Matt Gray is determined to turn Toronto into the next Silicon Valley.

As one of the founders of Bitmaker Labs, a Toronto-based educational program that trains Web developers in just nine weeks, Gray is dedicated to changing the world.

"Toronto is the world's eighth largest startup ecosystem and our goal is to catapult it into first place," asserts Gray, a graduate of the Richard Ivey School of Business at the University of Western Ontario in London, Ont.

"Most companies are starved for talent as a result of brain drain and the simple fact that most of the skills we teach aren't taught in postsecondary institutions. We're the first education platform of our kind in Canada."

Gray, 23, launched the concept this year with the help of fellow Ivey grads Tory Jarmain, Duncan McCall, Will Richman and Andrew Mawer. They already have 24 students poised to graduate from the program on May 3.

Each student paid $7,000 for the opportunity to learn tough computer concepts in a condensed period of time as a means of securing employment in today's increasingly digitized world.

Prior to enrolment, students were required to complete a 60-hour prep course taking them through Web programming language basics in order to maximize the effectiveness of actual class time. The student-teacher ratio is 8 to 1.

"We developed the program by surveying over 50 technology companies to find out what they were looking for in entry-level Web developers," Gray says. "We incorporated this feedback into our curriculum in order to make students highly employable; they're learning programming languages and frameworks that are cutting edge and not taught in most postsecondary institutions."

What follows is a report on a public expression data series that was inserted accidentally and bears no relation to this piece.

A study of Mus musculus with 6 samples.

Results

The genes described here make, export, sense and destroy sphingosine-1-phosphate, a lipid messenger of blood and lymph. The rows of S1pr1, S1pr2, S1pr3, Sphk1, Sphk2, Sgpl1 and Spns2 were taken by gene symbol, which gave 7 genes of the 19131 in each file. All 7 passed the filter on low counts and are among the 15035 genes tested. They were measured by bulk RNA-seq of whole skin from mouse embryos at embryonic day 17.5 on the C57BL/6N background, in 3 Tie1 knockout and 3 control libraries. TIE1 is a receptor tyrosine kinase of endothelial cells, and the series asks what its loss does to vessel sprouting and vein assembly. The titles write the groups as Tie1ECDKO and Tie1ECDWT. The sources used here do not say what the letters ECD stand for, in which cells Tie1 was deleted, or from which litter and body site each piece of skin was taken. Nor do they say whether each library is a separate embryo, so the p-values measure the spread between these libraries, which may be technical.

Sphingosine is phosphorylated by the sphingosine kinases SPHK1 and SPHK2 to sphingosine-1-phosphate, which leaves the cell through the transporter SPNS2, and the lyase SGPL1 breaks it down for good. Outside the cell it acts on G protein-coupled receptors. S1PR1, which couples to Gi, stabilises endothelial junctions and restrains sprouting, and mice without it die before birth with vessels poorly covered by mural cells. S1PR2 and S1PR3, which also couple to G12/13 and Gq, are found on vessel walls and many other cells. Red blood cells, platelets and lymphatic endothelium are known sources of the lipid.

After the graduation date, Bitmaker Labs will hold a "hiring week" in Toronto at its Duncan Street offices, with companies from across Canada and the United States attending in person or remotely.

"They will have the chance to interview our students and hire them on if there's a fit," Gray says.

Landing a job is what inspired one 18-year old participant to quit postsecondary school in favour of the Bitmaker Labs program.

"The education system was designed during the Industrial Revolution to prepare students to become workers by, for example, having them follow instructions and do repetitive tasks. This resonates with my experience in college and I didn't want to spend a big chunk of my life doing things that weren't meaningful to me," writes the student in a recent blog posting.

"I didn't want to learn so I could get a diploma or a job, but so I could be empowered to affect the world in the way I want to."

The idea for Bitmaker Labs evolved after two of Gray's co-founders attended a similar program in the United States and wanted to create something even more intense in Toronto.

"We believe there's an incredible amount of latent human potential out there," continues Gray. "We have so many friends that are graduating university and are either unemployed or underemployed. Meanwhile, there's a skill shortage in Canada. Our goal is to empower people with a skill set for the 21st century."